As you pass two people on the street, one of them tosses a bottle at the other out of anger. They miss the intended victim and instead hit you on the head. Is the thrower liable for your injuries even if they didn't intend to hurt you? The answer is most likely yes. The thrower's intent to commit a tort (civil wrong) has been transferred under the transferred intent doctrine. Read on to learn about transferred intent in personal injury law.

What Is Transferred Intent?

Transferred intent is a legal theory that can apply to both civil tort law and criminal law. Civil torts are wrongful acts that result in personal injury.

In an intentional tort case, you are required to show that the defendant intended to commit the act that caused you to suffer. In criminal law, there is a similar legal doctrine known as mens rea. You're required to show that the defendant specifically intended to harm you. You can file a lawsuit under the intentional tort claim as long as you can show that:

  • The defendant intended the alleged act
  • The harmful results were certain to occur

If your claim is successful, you may recover compensation for your medical expenses and any resulting pain and suffering. But can you bring a civil lawsuit if you were not the intended victim of the act that harmed you? What if the defendant's bad aim accidentally caused harm that was not intended for you specifically? This is where the doctrine of transferred intent comes into play.

In transferred intent cases, a person is liable when they cause:

  • Intended harm to a person other than the one intended
  • Different harm (different tort) to an intended person
  • Different harm to an unintended victim who is a person other than the intended target

In short, intent can be transferred from “Person A" to “Person B." In personal injury cases, transferred intent applies to the following types of torts:

A defendant is legally responsible under the doctrine of transferred intent when they know or should have reasonably known that their intentional act would harm someone, irrespective of who the intended target was.

Higher courts, including appellate courts and the Supreme Court, also apply this legal doctrine in cases involving criminal law. However, this article only focuses on civil contexts where an injury lawsuit is between private parties. By contrast, criminal cases are brought by government prosecutors when a crime has occurred.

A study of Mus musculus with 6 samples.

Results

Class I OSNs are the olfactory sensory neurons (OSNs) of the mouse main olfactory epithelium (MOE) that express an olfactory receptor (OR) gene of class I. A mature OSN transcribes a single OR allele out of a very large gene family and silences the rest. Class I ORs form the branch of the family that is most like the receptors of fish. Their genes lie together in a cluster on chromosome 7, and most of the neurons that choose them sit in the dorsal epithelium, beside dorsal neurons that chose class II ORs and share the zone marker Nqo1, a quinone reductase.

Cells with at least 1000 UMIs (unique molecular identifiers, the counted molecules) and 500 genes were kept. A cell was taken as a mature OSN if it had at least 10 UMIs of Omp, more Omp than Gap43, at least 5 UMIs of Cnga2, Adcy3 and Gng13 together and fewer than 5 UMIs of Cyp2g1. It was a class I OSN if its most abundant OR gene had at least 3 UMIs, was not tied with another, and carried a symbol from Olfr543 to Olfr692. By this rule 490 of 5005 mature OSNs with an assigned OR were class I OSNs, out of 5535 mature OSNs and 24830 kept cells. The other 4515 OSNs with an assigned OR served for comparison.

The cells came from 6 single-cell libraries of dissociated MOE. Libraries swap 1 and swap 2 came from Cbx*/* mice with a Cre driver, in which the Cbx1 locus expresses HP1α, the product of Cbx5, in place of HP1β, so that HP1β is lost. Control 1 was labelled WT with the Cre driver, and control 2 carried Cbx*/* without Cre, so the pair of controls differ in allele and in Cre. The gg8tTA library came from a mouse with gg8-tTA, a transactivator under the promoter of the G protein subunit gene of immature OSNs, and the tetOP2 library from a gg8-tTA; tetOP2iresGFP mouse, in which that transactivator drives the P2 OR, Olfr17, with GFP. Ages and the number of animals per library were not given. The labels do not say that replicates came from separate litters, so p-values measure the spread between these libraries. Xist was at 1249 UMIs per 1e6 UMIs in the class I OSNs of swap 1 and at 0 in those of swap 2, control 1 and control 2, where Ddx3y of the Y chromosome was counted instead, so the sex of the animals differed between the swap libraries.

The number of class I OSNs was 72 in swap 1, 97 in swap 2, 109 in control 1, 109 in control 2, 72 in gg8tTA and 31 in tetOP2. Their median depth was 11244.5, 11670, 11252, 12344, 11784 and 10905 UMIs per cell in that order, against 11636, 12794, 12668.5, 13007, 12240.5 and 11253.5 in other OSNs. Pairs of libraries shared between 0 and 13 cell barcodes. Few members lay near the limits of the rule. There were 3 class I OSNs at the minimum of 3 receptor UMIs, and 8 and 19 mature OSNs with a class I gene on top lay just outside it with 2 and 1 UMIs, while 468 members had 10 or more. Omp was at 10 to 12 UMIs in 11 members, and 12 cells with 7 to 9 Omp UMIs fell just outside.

Defenses to Intentional Torts

Depending on the type of tort claim, there are several defenses that may apply. These defenses allow the defendant to avoid liability for their conduct. Defenses to intentional torts may sometimes be justified even in a transferred-intent context.

One of the most common tort defenses is self-defense. The defendant is not liable for reasonable conduct meant to protect oneself from a plaintiff's attack. If the plaintiff started a fight or harmed the defendant first, the defendant likely won't be liable if they responded with legally justified force. That limitation in liability carries over in a transferred-intent situation.

Another common tort defense is consent. If the plaintiff consented to the defendant's conduct, the plaintiff cannot sue the defendant for the consented conduct. For example, if you consented to participate in a boxing match, you cannot sue the other person for getting hurt during the match. If there are multiple people inside a boxing ring, your consent to participate in the dangerous sport will apply even in situations involving transferred intent.

Other defenses may apply, including assumption of risk, defense of property, and necessity. To learn about these defenses, check out FindLaw's article on the Necessity Defense.

Exception: Intentional Infliction of Emotional Distress

There's another type of intentional tort, called intentional infliction of emotional distress (IIED), that may be relevant to your case. IIED refers to intentional outrageous conduct that causes the victim emotional trauma.

The transferred intent doctrine does not apply to intentional infliction of emotional distress, except in some states that recognize the following situations:

  • A victim's immediate family member is hurt by the defendant's conduct while they are a bystander
  • A victim is present at the scene of the injury, and the victim's presence was known to the defendant

Get Your Transferred Intent Questions Answered by an Attorney

Dealing with legal theories like transferred intent in personal injury can be difficult and complicated. If you have a transferred intent issue, consider talking to an experienced personal injury attorney before filing a lawsuit.

An experienced attorney can give you legal advice and guide you in establishing liability in your injury case. A personal injury lawyer can make a big difference in the success of your claim and the amount of damages you recover for your injuries.